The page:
IMF says keep €2bn budget target to ‘protect credibility’
Weak banking and low inflation among dangers to recovery, says report
International Monetary Fund managing director Christine Lagarde: her organisation says pressure needs to be maintained on the banks to resolve non-performing loans. Photograph: Reuters/Andrew Cowie
Ireland’s economic recovery is broadening but pressure needs to be maintained on the banks to resolve non-performing loans and restore lending capacity, the International Monetary Fund (IMF) said in a report on Ireland yesterday.
In its first post-bailout monitoring report it noted increases in employment, industrial production, and retail sales, and said tax income in the first five months of the year had been solid.
Despite problems with the health service, the Government remained on track to meet is deficit target for 2014, it said, and gross public debt was expected to ease modestly to a “still high” 121.7 per cent of gross domestic product by year’s end.
‘Anchor’The executive board of the IMF said it believed the Government should “anchor” next year’s budget on the amount of fiscal adjustment it planned to achieve (€2 billion) rather than the headline deficit in order to “protect hard-won credibility”.
Any additional revenue over and above projections should be used as a “buffer” rather than to reduce taxes or ease off on planned spending restrictions, the head of the IMF’s mission to Ireland, Craig Beaumont, said in a conference call.
He said the Government should evenly spread the adjustments it needed to achieve in order to reach its target of a structurally-balanced budget by 2018, and then stick to these targets.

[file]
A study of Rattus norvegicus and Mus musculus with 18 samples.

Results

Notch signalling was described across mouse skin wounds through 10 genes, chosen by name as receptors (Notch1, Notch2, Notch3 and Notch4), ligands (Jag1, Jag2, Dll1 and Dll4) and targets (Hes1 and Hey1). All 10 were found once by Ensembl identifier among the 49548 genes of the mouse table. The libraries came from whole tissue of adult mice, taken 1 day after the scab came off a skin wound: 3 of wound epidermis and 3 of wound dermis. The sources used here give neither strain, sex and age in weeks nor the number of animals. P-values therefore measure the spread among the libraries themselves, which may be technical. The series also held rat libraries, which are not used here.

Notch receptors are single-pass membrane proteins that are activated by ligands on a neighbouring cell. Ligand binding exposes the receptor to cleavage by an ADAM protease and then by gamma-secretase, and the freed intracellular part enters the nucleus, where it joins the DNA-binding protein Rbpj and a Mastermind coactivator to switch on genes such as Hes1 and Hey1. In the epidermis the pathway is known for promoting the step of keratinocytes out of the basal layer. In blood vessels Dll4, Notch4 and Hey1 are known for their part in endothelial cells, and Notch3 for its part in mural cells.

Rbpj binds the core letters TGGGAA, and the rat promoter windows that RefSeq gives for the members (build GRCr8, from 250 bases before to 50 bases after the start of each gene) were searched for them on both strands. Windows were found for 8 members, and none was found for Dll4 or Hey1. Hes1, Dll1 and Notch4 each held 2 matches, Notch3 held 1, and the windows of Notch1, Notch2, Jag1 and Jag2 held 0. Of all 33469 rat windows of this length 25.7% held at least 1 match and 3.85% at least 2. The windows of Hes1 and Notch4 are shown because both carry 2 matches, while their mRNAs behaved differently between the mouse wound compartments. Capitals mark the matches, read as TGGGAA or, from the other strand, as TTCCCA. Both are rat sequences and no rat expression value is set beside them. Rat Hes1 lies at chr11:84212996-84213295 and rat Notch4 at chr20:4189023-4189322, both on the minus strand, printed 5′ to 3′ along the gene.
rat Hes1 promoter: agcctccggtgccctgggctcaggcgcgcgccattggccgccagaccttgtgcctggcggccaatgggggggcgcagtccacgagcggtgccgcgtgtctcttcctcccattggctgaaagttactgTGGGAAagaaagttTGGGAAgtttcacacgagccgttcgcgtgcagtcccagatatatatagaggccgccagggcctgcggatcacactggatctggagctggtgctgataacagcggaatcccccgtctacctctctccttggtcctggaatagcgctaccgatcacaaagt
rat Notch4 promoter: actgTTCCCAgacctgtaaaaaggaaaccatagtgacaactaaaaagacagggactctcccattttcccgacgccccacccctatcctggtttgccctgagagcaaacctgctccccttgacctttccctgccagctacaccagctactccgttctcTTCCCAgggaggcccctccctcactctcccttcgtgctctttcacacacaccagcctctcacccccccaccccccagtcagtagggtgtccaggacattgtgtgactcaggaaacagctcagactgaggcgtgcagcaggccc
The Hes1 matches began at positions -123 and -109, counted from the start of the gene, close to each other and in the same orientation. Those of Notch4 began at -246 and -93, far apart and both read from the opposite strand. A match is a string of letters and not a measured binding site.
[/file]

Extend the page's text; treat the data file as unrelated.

If economic growth was weaker than expected then achieving the target might take a little longer, but the “main issue” was the steady adjustment.
Government’s goalThe IMF estimates that the budget needs to improve by a cumulative 4.5 per cent of GDP over the 2014 to 2018 period for the Government’s goal to be reached.
Rebuilding the lending capacity of banks was needed to sustain a recovery in domestic demand, and the resolution of the distressed mortgage problem and the workout of impaired commercial real estate loans were key issues.
The IMF said greater engagement with long-term unemployed should take place. The operation of the new €6.8 billion Ireland Strategic Investment Fund involved challenges to ensure it contributed to new economic activity.
External demand, financial markets, low inflation and bank repair shortfalls were all key risks, the report said.
The IMF also believes that, given that Ireland has endured “substantial fiscal adjustment”, political difficulties in achieving further consolidation were another risk.